DALLAS — Ron Santo always kept rooting for the causes dearest to him — for his Chicago Cubs to win the World Series, for doctors to find a cure for diabetes and for him to reach the Hall of Fame.
On Monday, Cooperstown finally came calling.
The barrel-chested third baseman who clicked his heels in victory was elected to the Hall, overwhelmingly chosen by the Veterans Committee nearly a year to the day after he died hoping for this very honor.
"It's really exciting because so many years that we had parties over to his house in spring training saying this is the year, I'd tell him this is the year you're going in," said Hall of Fame teammate Billy Williams, a member of the voting panel.
"The one thing, of course, is he's not here to enjoy it, but his family will. He long awaited this, and we're all happy. I know I'm happy, his family is happy, the fans of Chicago are happy," he said.
Santo was a nine-time All-Star, hit 342 home runs and won five Gold Gloves. He was a Cubs broadcaster for two decades, beloved by the home crowd for the way he eagerly cheered for his favorite team on the air, hollering "Yes! Yes!" or "All right!" after good plays and groaning "Oh, no!" or "It's bad" when things went wrong.
Shortly after the announcement, Santo's flag — white with blue pinstripes, plus his name and No. 10 — was flying from the center pole atop the scoreboard at Wrigley Field.
"There was always kind of a missing piece of the puzzle of Cubs' history," team owner Tom Ricketts said.
Santo breezed in with 15 votes from the 16-member panel that met at baseball's winter meetings. It took 75 percent — 12 votes — to get chosen.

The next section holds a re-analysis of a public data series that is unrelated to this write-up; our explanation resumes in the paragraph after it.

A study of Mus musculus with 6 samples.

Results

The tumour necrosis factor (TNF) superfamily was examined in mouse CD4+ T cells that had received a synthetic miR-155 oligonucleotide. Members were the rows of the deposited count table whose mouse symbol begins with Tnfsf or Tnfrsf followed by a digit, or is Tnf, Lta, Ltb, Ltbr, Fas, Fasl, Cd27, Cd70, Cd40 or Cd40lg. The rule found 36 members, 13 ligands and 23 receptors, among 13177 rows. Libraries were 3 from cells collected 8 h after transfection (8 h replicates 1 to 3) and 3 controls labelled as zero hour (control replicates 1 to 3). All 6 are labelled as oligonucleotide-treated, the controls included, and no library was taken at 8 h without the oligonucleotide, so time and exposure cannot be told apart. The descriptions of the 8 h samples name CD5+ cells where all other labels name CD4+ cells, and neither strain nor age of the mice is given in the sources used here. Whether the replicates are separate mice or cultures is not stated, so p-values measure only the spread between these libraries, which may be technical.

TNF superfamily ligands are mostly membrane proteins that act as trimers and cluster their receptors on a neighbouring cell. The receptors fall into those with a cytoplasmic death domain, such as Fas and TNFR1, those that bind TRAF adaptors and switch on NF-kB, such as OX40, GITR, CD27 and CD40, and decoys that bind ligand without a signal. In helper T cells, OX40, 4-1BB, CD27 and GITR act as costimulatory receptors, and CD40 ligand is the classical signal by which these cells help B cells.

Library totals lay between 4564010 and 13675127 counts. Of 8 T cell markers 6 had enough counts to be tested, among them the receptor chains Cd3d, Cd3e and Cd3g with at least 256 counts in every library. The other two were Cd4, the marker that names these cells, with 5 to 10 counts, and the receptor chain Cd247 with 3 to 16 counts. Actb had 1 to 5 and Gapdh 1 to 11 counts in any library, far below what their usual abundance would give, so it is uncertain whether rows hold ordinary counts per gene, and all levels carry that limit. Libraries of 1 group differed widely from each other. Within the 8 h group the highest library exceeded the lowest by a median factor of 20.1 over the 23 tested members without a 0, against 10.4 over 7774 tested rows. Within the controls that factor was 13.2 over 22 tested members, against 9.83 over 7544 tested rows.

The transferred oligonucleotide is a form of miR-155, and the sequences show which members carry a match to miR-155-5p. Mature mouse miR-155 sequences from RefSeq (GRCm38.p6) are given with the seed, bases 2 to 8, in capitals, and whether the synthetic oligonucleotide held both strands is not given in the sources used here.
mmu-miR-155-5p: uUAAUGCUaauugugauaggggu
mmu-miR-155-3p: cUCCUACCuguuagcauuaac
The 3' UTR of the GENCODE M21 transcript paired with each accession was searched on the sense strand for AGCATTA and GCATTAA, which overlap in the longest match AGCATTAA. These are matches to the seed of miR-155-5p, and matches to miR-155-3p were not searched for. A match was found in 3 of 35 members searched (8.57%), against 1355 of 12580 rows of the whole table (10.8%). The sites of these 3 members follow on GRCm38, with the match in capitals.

"I've got tears in my eyes writing this: congrats to the Santo family on Ron's election to MLB Hall of Fame. A good day to be a Cub fan," tweeted Chicago-area rocker Billy Corgan, frontman for the Smashing Pumpkins.
Santo died Dec. 3, 2010, from complications of bladder cancer at age 70. He had diabetes, which eventually cost him both legs below the knees, and worked tirelessly to raise millions for research into the disease.
Williams was on the line when Santo's widow, Vicki, got the congratulatory phone call.
"Ron has passed, but it was always his dream, to even have this come to him after his passing. It just shows you can't give up," she said during a conference call from Arizona.
"All he said (was) I hope I get in in my lifetime, that's certainly a reasonable request for anybody who gets an honor as special as this one. Unfortunately, it wasn't meant to be," she said. "With his lifetime every disappointment that came along, he was very disappointed."
Said daughter Linda Brown: "I know, even if my dad were here today, he would never reflect on any of the wrongdoings, so to speak. ... There would be no bitterness, it would just be him being happy, and I believe he is."
Santo joined former Cubs teammates Ernie Banks, Ferguson Jenkins and Williams in the Hall. That famed quartet did most everything at the Friendly Confines through the 1960s and early 1970s except bring a World Series to the ivy-covered ballpark.
"With Ernie, myself and Fergie, those players he played with ... to hear this kind of news today that he's inducted in the baseball Hall of Fame is really gratifying because so many times that we talked about it, it's a place he wanted to be," Williams said.
Santo will be inducted into Cooperstown on July 22, along with any players elected by members of the Baseball Writers' Association of America on Jan. 9. Bernie Williams joins Jack Morris, Barry Larkin and others on that ballot.
"This is a great day for baseball and for Cubs fans everywhere," Commissioner Bud Selig said in a statement. "Ron was a staple of the Cubs' experience every single day for decades."